A six-month spending bill unveiled last night would provide a small, across-the-board funding increase for the Energy Department, U.S. EPA, the Interior Department and other agencies while adding $800 million for wildfire suppression and maintaining a controversial provision blocking enforcement of light bulb efficiency standards.
The so-called continuing resolution would keep the government running through March 27, assuming it passes the House and Senate before the existing funding expires at the end of this month. The House plans to vote on the measure Thursday, with a Senate vote expected next week.
Because the bill was based on overall funding levels of $1.047 trillion decided by last year's Budget Control Act -- the deal lawmakers reached to raise the debt ceiling -- it provides a slight boost over fiscal 2012 spending levels of about 0.6 percent, which is distributed evenly across discretionary spending accounts.
The bill also adds about $800 million to accounts managed by Interior and the Forest Service to fund wildfire suppression, an Appropriations Committee spokeswoman said last night. And it includes a provision allowing for the launch of new weather satellites to proceed, "ensuring the continuation of critical weather information, especially in the event of weather-related natural disasters," according to a committee press release. The measure also extends the current pay freeze for federal workers.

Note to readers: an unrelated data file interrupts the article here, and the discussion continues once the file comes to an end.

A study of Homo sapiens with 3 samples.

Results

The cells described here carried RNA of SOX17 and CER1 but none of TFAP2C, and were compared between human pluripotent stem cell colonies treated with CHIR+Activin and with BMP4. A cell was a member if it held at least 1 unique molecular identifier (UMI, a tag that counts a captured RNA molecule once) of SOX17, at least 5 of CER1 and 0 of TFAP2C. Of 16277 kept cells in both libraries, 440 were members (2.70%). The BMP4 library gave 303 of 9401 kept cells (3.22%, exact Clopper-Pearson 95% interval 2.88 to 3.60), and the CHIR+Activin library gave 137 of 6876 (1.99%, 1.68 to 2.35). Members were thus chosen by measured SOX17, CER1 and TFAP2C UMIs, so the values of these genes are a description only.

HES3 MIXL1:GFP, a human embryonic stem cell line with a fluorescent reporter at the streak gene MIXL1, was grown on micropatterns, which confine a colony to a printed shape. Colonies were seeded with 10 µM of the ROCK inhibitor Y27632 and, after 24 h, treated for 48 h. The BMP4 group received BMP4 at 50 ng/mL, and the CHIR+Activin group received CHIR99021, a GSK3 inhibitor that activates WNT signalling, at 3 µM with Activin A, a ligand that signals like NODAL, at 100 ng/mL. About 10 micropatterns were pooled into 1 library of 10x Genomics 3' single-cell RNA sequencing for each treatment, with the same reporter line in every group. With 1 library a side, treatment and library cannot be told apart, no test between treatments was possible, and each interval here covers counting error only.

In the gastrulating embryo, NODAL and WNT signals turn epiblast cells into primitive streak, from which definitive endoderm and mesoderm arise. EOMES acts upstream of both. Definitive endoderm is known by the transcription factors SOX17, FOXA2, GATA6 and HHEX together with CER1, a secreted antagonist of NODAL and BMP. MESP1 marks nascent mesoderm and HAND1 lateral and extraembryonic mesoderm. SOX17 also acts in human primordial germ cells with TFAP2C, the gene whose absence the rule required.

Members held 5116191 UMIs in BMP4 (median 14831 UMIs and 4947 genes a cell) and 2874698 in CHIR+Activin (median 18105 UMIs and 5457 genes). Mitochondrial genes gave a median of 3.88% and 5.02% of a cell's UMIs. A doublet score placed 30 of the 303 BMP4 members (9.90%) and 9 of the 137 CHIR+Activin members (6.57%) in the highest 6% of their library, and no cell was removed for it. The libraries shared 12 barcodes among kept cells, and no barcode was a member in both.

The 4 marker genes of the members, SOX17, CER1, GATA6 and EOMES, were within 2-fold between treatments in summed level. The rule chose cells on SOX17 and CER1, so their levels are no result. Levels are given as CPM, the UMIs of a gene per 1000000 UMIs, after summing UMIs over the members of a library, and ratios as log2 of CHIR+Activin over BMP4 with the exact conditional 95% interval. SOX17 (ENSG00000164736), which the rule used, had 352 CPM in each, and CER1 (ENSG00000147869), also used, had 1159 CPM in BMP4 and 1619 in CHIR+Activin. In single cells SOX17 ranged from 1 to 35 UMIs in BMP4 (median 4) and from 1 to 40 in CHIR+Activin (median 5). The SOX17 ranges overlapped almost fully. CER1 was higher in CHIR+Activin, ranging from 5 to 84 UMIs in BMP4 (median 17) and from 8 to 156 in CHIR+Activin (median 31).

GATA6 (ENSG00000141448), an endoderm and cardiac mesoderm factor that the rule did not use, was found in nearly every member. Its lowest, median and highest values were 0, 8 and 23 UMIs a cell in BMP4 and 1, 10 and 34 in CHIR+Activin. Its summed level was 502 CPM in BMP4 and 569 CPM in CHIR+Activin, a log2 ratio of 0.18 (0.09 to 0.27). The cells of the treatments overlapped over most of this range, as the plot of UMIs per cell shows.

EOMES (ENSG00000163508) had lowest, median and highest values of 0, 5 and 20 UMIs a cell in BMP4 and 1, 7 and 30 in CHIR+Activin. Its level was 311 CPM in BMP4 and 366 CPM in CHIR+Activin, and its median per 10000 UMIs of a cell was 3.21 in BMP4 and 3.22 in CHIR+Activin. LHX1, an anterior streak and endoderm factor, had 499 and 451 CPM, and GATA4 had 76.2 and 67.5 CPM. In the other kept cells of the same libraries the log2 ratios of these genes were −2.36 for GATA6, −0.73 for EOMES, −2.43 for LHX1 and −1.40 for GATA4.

More than 7 million acres have been consumed by wildfires so far this year with weeks remaining in the annual fire season, putting 2012 on track to be the worst wildfire year on record (ClimateWire, Aug. 27).
Policy provisions, typically referred to as "riders," that were included in the fiscal 2012 spending bill carry over into the continuing resolution. Among the most closely watched of those was a rider barring DOE from enforcing light bulb efficiency standards that were established by the 2007 energy law and went into effect this year (E&E Daily, Sept. 10).
The House Rules Committee will consider the bill tomorrow, when it is expected to adopt a "closed rule" barring amendments and setting aside an hour of debate on the bill for Thursday.
House Appropriations Chairman Hal Rodgers (R-Ky.) called the CR a "good-faith effort to provide limited, yet fair and adequate funding for government programs and services" until a final deal can be struck.
"This bill is very restricted in its scope, does not contain extensive or controversial policy riders or funding levels that dramatically differ from current levels, and protects critical funding for our national defense," he said in a statement.
Appropriations Committee ranking member Norm Dicks (D-Wash.), like Rodgers, stressed the need for Congress to return to approving regular appropriations bills, but he urged his fellow Democrats to vote for the measure.
"I am happy to report that no additional partisan or special interest riders have been added to this CR," he said in a statement. "Although I would much prefer to be considering an omnibus bill, this is truly a bipartisan product and I urge my colleagues to support it."
Schedule: The Rules Committee meets tomorrow at 3 p.m. in H-313.